The Great Alaskan Adventure: Part One

17 07 2011

The loudspeaker blared, “Attention.  This is a tsunami warning.  Please tune to your local radio station for further instructions.”  Having spent the day on a scenic cruise of the bay, we were now parked in a row of  RVs overlooking Resurrection Bay in Seward, Alaska, which our tour guide had laughingly described as Seward’s Tsunami Barrier.  He had pointed out remnants of docks that had been destroyed by the last major tsunami that struck the area after the 1964 earthquake that registered 9.2 on the Richter scale.  As a matter of fact, we were parked directly in front of one of those docks.

This was Day Three in our Great Alaskan Adventure.  Brian, Annalise, and my sister Marie had flown in from Columbia, SC on Tuesday, June 21.  After a two hour flight to Chicago and another six and a half hour flight to Anchorage, we did some grocery shopping and then headed down the Seward Highway.  Pulling our RV off at a scenic overlook of Turnagain Bay, we camped overnight, heading out in the morning to the Kenai Peninsula.  The trip down was truly scenic, with numerous overlooks of raging rivers, glaciers, lakes, and drop-dead mountain views.  We drove into Seward by mid-morning and toured the Alaska Sea Life Center, a great introduction to the birds, fish, and sea mammals of the area.    After lunch in the RV, we drove down to Exit Glacier, where Brian, Annalise, and I went on a guided walk up to the foot of the glacier.  Late in the afternoon, we finally made our way to Miller’s Landing Campground, following a gravel road that hugged the side of the mountain beside the bay.  We were eager to take showers, not having had one since Monday evening.  The RV did have a shower, but it was comfortable only for slender teenagers.  Unfortunately, the campground showers also had a drawback:  $1 only bought 2 minutes of water, and we only had a few dollar bills between us.  Annalise and I doubled up, each sharing the water for a total of four minutes and taking care not to look at each other, rinsing off just in time before the water gave out.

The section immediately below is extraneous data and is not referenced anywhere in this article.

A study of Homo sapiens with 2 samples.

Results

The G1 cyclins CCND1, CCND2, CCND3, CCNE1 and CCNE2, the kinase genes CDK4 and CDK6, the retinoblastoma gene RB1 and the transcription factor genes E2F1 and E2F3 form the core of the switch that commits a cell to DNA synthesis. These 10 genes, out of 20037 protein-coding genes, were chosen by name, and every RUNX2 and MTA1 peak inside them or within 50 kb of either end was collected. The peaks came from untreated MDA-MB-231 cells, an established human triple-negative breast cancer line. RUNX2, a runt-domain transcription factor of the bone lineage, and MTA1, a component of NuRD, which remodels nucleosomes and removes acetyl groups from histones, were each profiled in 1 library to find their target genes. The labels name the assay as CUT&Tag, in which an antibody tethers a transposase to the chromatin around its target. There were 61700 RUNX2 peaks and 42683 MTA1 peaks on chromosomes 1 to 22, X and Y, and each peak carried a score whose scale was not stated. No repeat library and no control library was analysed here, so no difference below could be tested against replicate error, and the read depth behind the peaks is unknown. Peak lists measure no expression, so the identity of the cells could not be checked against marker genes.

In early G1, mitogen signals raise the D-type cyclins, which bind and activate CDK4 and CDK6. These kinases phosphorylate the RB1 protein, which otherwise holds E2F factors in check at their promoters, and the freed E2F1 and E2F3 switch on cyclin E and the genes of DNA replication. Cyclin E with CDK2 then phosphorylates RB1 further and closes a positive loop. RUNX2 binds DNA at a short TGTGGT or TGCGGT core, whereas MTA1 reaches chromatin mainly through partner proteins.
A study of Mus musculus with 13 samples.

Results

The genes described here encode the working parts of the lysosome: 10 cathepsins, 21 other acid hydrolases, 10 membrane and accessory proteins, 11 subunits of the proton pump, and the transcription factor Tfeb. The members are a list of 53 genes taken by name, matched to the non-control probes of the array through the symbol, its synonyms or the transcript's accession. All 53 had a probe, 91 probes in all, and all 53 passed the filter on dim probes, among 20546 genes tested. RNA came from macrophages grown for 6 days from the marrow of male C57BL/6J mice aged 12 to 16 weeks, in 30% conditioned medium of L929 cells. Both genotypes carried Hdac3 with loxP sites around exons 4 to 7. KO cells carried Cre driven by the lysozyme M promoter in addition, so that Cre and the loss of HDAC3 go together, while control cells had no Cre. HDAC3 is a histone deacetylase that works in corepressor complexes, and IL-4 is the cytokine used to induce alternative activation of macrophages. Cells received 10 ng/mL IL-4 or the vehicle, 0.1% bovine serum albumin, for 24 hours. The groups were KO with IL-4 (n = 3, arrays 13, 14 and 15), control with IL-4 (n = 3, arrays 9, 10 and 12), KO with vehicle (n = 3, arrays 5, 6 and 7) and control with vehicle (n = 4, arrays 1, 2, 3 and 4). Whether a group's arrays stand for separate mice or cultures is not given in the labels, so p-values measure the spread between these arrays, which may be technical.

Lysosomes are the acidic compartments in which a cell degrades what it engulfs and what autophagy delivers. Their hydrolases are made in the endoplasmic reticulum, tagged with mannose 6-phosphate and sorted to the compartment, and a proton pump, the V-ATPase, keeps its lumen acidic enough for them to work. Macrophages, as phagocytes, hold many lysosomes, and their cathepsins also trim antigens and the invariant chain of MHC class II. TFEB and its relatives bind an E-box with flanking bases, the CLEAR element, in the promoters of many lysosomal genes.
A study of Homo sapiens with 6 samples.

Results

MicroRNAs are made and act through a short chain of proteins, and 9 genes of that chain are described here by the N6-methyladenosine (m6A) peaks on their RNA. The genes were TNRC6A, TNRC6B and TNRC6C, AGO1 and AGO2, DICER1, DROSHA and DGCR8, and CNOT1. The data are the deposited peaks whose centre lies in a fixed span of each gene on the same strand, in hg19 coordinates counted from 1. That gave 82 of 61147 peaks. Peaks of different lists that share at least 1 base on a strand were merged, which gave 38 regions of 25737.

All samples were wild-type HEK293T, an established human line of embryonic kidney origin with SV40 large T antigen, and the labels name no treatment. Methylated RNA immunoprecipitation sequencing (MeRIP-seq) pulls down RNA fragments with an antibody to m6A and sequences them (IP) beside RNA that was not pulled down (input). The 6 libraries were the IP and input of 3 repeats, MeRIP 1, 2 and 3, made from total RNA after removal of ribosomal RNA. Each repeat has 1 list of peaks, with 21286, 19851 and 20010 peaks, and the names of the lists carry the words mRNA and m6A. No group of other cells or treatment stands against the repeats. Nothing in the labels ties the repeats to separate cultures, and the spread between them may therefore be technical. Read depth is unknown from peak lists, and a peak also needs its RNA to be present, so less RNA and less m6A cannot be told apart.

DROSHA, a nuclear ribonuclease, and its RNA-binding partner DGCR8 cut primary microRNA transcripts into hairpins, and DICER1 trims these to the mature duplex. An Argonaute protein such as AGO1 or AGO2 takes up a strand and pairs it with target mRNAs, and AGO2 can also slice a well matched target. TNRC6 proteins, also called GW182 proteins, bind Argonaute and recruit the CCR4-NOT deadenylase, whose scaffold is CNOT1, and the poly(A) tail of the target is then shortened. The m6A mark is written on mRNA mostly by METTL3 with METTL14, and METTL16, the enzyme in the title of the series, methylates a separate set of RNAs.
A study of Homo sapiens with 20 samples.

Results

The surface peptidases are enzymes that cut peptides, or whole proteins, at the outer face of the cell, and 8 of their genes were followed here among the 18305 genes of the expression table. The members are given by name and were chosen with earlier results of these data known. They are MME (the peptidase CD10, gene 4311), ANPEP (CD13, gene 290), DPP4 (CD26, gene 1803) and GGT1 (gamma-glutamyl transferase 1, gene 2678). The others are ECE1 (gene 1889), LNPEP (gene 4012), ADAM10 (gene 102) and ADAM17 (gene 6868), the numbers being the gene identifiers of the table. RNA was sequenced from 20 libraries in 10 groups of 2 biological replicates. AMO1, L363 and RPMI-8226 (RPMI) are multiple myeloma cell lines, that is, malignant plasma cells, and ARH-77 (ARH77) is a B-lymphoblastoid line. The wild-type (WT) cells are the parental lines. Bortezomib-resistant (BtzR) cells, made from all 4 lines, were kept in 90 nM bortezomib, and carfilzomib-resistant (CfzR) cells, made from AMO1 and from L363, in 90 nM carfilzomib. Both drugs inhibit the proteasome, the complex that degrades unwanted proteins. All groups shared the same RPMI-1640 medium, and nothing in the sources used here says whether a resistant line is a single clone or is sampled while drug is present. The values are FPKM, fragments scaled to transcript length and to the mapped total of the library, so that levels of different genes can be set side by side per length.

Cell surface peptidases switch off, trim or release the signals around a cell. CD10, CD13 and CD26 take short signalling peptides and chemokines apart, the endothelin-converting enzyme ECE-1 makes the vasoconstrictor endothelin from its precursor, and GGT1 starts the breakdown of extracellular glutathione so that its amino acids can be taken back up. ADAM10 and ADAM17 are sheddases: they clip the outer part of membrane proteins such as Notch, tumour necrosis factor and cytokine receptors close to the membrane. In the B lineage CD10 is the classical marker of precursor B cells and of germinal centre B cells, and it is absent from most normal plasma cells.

Day Three dawned beautifully.  No, wait, there was no dawn.  This was the time of the “Summer Dim,” where it never really gets dark, only dim between 2:00-4:00 AM.  Regardless, the morning was a rare beautiful one.  “Severe cloud misfunction” our cruise announcer called it (a cloudless day, in other words.)    The cruise was glorious, leaving at 11:30 and returning around 5:30, we checked the following animals off our list: cormorants (three types), puffins (horned and crested), orca and humpback whales, Dall porpoises, salmon, mountain goats, otters, sea lions, harbor seals, common murres, kittywakes, and other sea birds.  We saw numerous glaciers, Bear Glacier being the biggest and the first.  We pulled in close to Holgate Glacier, listening and looking at the near-constant calving.  One of the crew used a pole net to go ice-fishing, scoring a huge chuck of glacier ice which he pulled in for use in making Glacier Margharitas (ours were virgin, of course).  What a rush, to eat ice from a glacier that had fallen as snow hundreds of years earlier!  We returned to the campground, our souls nourished with the beauty of our surroundings, making plans for the next day’s adventure.

It was at this point that the warning came.  After hearing the loudspeaker repeat its warning, we looked at each other in confusion.  I stepped outside to find other RVers doing the same.  The campground host had taken off, knocking on doors of nearby RVs to give them the warning.  We didn’t need any more convincing.  We drove off, following the tsunami evacuation signs that we had jokingly commented on earlier.  We reached high ground in minutes, one advantage to Alaska’s mountainous terrain.  We pulled over just in time to hear the message that it had been a false alarm.  Instead of destruction, all we had to show for the evening’s excitement was a “could have” story…what could have happened if there really had been a tsunami.  We returned sheepishly to the campground, glad of the falseness of the alarm.  (The next day we found out that a 7.2 earthquake had hit the Aleutian Islands, leading to the tsunami warning.)

Alaska gets about 50-100 earthquakes a day as the Pacific plate subducts under the North American plate.  As a matter of fact, the Earthquake of 1964 was 7.9 on the Richter Scale, two-tenths stronger than this year’s earthquake and tsunami in Japan.  The ’64 Quake had changed the topography of Resurrection Bay, causing the land to sink about four inches.  Uncommon beauty amidst dangerous surrounding:  it was to become the theme of our time in Alaska.




3 responses

17 07 2011
Kathryn Fenner

Sounds awesome….I’m envious!

8 10 2012
Greg Smither

love your Kayaking description, sounds trully magnificent, bravo

10 10 2012

It was an amazing trip. I’d go back in a heartbeat!